Ghostbusters The Video Game Review
I had quite the battle with Ghostbusters. Unfortunately that battle took place before I ever played the game. I made the "mistake" of changing the default path in the installation program and things went to h-e-double-hockey-sticks in a hurry from there. (Who organizes the game folders on their hard drive by publisher anyway? Does anyone ever think to themselves, "I feel like playing an Atari game today"?) The install program refused both to: a) finish installing the game, and b) remove its mangled corpse from my hard drive with the uninstall option. After a lot of frustrating moving of files and fiddling with registry keys, I was able to get the game to launch … or so I thought. I got as far as the DRM screen that took my key and verified it over the internet, after which the game crashed and game a nice little "stack overflow" error. I was about to give up on it at this point since it already ate my key I didn't think it would let me put the game on another computer in the office, but I decided to try and do a little more research on the problem. It appeared that I was not alone at all in my problems with the game's installation program, and after trying out several suggested solutions one of them finally worked and I was able to launch the game. However, it runs about as fast as a three-legged dog in July and I have to play it at some pretty low settings even though it is running on a speedy dual-core with 4GB of RAM and a fast graphics card. And people wonder why PC gaming is on the ropes. Anyway, enough with the problems, may they never plague you should you decide to bust some ghosts.
You play the role of an unnamed new recruit to the Ghostbusters squad, but the rest of the team consists of the original characters played in the films by Dan Aykroyd, Bill Murray, Harold Ramis, and Ernie Hudson (who provided their characters' voices in the game as well). Ghostbusters the game is set in 1991, which puts it a number of years after the events in the films which came out in the early 1980s and gives you the opportunity to bust ghosts in a whole new adventure (although you can expect to see a few familiar spectral faces along the way). The game's script was penned by Harold Ramis and Dan Aykroyd and as such the story manages to stay true to the Ghostbusters spirit and is a cut above the usual videogame fare.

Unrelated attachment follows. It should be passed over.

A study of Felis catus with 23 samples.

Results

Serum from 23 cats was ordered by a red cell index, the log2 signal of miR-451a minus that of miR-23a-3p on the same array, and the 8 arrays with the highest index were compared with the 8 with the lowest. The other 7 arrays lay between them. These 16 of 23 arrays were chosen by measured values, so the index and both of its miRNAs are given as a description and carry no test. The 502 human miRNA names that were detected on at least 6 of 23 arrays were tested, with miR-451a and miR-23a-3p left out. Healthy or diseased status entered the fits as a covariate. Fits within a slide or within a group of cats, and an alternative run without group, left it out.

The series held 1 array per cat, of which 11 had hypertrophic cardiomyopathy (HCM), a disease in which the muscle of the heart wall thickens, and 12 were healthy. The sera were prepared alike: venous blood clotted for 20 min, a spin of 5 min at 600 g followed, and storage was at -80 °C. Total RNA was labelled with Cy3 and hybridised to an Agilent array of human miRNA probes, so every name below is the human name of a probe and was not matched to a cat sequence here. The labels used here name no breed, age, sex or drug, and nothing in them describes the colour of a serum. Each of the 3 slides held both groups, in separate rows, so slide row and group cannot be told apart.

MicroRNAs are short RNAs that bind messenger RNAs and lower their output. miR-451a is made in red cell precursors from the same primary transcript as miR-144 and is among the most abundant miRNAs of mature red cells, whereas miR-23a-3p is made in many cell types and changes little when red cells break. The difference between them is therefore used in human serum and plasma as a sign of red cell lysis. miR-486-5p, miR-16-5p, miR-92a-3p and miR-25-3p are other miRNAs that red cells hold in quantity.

Busting ghosts is done using the traditional proton pack method. You use the pack's stream to grab on to ghosts, use it to whip them around and weaken them, and then to draw them towards the capture beam of your trap. It sounds relatively straightforward and in principal it is, but it's a bit of a drawn out process in practice. Part of this is due to the fact that the game wants you to earn each capture, sending ghosts flying and swooping all over the place, breaking free of your beam, and fighting you down to the final snap of the little doors on your trap. This is all well and good and adds to the fun, especially as you trash up the place in true Ghostbusters fashion while in pursuit of the ghoul. Unfortunately, part of the struggle also comes from the controls. It's pretty obvious that this is a console game first and a PC port second. Just keeping your fingers from getting tangled while hitting all of the keys required to chase and capture ghosts is hard enough, let alone keeping them in view and in your beam. You pretty much have to play this one with a gamepad unless you want to struggle, and even then the responsiveness feels a bit sluggish. Making matters worse, many of the environments are set in tight quarters filled with objects which can make it difficult to turn and move quickly and keep the ghosts in front of you. The console-induced frustrations also extend to the game's checkpoint save system, which spaces the checkpoints out too far apart to accommodate for the extra handicap of playing a native console game with a mouse and keyboard.
Another point of frustration comes in the form of the game's use of knock-back. Ghosts don't really kill anyone; they just knock them flat on their backs. Get knocked down a few times and you'll be stuck there until another Ghostbuster is free to revive you. Similarly, you'll need to spend some of your time looking for fallen comrades to revive. If all of the Ghostbusters involved in the current fight get stuck knocked down, the game ends and it's back to that last distant checkpoint.
There's fun to be had with Ghostbusters. I liked the imaginative environments, the running destruction tab, and finding new spooks to scan to add to your collection, as well as the game's sense of humor. I just wish that there weren't so many frustrating problems to go along with these enjoyable parts … and it would have been nice to include the multiplayer version of the game in the PC release.
In The End, This Game Hath Been Rated: 60%. Ghosts will be the least of your troubles.